Caught: the sharks used to smuggle a tonne of cocaine
Mexico takes a chunk out of the drug cartels after officials find more than a tonne of cocaine in shark carcasses
The Mexican authorities said yesterday they had uncovered more than a tonne of cocaine bound for the United States stuffed into the carcasses of 20 frozen sharks loaded on to a cargo ship in the Gulf port of Progreso.
Local and national media were invited to photograph the offending sharks at the busy port, which sits at the top of the Yucatan peninsula and is a short hop from the tourist resort of Cancun. The naval officers who made the discovery during a routine inspection using dogs and X-ray machines are seen keeping guard over the fishes.
It is a significant haul for the Mexican government that is struggling to contain a violent backlash against its own efforts to crack down on the drug trafficking industry. It comes after several other notable successes in the past few days including the seizure of an enormous methamphetamine laboratory high in the mountains in the state of Sinaloa on the Pacific side of the country and the arrest of a suspected drug lord in Cancun last week.
For the traffickers, who are at war not just with the government but also with each other over smuggling routes to the US, the raid in Progreso eliminates one new means of shipping the drug without detection. In the past, drugs have been found in religious statues, fruit cans and tiny submarines. This is new however, evoking images of unsuspecting Americans grilling cocaine-marinated shark steaks.
For the government, which has deployed 45,000 troops in the drugs war, the seizure is an opportunity to underscore to a sceptical public that progress is being made. While the President, Felipe Calderon, appears determined to keep up the pressure on the cartels, he is coping with a rising tide of violence that has been concentrated mostly near the northern border with the US, but that has also flared in places like Cancun, Acapulco and Mexico City. So far this year, 2,700 people have been killed in drug-related violence in Mexico, equalling last year's pace when 6,300 people died.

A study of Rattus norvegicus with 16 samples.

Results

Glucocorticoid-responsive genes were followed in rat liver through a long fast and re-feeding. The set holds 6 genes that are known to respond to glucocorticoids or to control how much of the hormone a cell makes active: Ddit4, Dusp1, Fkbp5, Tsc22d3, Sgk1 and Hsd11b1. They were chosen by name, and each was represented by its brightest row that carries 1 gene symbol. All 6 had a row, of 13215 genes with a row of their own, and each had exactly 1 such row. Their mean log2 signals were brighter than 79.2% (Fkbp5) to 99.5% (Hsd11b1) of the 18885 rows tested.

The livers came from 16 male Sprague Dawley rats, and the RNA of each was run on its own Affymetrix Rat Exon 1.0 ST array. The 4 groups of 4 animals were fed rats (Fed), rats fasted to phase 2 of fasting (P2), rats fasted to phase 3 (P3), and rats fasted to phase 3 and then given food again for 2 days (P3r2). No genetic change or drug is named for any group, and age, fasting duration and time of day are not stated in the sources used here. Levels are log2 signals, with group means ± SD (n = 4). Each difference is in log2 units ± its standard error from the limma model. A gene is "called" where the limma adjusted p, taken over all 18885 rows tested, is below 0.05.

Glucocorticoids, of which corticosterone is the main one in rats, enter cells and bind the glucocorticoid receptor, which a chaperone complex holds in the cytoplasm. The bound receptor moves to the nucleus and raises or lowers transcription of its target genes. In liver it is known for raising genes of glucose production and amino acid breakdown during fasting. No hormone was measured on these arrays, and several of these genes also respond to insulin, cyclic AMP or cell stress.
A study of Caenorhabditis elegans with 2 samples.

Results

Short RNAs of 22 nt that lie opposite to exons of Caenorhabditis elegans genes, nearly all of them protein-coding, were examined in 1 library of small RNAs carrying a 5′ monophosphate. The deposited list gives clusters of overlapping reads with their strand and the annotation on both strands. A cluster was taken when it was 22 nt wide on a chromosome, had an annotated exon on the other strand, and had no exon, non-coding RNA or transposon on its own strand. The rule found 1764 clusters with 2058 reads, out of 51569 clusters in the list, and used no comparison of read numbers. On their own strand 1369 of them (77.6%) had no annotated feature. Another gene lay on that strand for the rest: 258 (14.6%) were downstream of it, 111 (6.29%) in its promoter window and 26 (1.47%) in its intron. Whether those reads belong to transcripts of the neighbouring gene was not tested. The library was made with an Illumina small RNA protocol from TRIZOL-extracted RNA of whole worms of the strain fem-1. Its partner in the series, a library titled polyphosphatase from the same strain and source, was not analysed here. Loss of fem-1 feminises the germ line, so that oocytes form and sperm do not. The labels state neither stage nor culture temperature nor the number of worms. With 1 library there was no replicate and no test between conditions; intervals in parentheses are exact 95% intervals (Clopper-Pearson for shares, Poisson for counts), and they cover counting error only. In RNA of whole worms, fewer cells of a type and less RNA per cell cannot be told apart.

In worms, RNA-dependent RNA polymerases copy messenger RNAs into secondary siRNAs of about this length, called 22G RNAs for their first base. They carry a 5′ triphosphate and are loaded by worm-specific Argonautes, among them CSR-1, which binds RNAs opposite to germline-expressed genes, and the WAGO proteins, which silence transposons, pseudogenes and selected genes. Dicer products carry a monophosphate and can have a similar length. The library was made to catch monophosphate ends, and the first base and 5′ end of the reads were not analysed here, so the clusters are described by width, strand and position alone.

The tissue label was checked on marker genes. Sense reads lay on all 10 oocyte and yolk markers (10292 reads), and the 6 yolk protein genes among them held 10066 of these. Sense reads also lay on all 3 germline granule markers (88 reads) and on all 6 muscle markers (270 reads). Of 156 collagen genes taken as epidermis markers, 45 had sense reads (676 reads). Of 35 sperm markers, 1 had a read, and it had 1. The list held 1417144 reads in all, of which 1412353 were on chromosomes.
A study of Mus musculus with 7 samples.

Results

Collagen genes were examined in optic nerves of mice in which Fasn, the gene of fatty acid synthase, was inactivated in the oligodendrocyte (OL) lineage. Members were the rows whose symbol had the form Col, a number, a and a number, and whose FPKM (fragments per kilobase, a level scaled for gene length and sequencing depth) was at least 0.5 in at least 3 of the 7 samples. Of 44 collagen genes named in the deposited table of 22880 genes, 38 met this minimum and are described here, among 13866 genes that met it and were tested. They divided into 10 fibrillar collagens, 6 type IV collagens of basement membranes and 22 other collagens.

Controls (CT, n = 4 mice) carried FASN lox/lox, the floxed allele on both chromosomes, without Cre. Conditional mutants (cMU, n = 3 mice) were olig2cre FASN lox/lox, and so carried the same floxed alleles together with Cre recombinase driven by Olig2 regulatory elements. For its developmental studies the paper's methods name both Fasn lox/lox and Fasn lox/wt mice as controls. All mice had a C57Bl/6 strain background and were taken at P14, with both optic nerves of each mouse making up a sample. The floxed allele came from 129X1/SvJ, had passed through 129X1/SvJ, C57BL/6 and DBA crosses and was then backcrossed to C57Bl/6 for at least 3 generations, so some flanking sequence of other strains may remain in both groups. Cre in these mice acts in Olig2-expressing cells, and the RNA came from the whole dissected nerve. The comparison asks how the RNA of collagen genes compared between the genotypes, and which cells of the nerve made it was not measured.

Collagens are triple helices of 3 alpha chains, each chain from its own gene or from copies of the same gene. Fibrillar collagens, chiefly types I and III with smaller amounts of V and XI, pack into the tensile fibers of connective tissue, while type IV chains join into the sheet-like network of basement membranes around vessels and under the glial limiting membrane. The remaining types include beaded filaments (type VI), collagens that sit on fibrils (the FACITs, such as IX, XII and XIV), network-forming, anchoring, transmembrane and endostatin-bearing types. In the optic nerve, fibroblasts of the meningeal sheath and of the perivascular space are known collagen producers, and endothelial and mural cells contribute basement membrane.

"We are talking about more than a tonne of cocaine that was inside the ship," said a navy commander, Eduardo Villa. "Those in charge of the shipment said it was a conserving agent but after checks we confirmed it was cocaine."
On the other side of the country in Sinaloa, the discovery of the clandestine methamphetamine factory was almost as significant. Soldiers found a giant water tank they at first thought was for irrigating marijuana fields. Subsequently, however, they found ephedrine in a nearby shed, the main ingredient for meth, which is an increasingly popular drug right across the US. Officials said the factory was equipped to produce 40 tonnes of the drug – 300 million doses - with a street value of $1.4bn (£850m).
Meanwhile, the authorities in Cancun said they have detained Juan Manuel Jurado Zarzoza, a suspected cartel leader also known as the Puma, who has been sought in connection with the murder in February of the retired Brigadier General Mauro Enrique Tello Quinones. The Brigadier was recruited by the Mayor of Cancun to help cope with growing drug-related violence. He was tortured and murdered within days of his arrival.
Last weekend, meanwhile, troops raided a ranch near the border city of Ciudad Juarez where they arrested 25 men who were disguised in soldiers' uniforms. Drug runners masquerading as soldiers and police officers is another new problem facing the government. A huge prison break-out last month involved a gang who arrived before dawn at the prison in a fleet of fake police cars and wearing police outfits.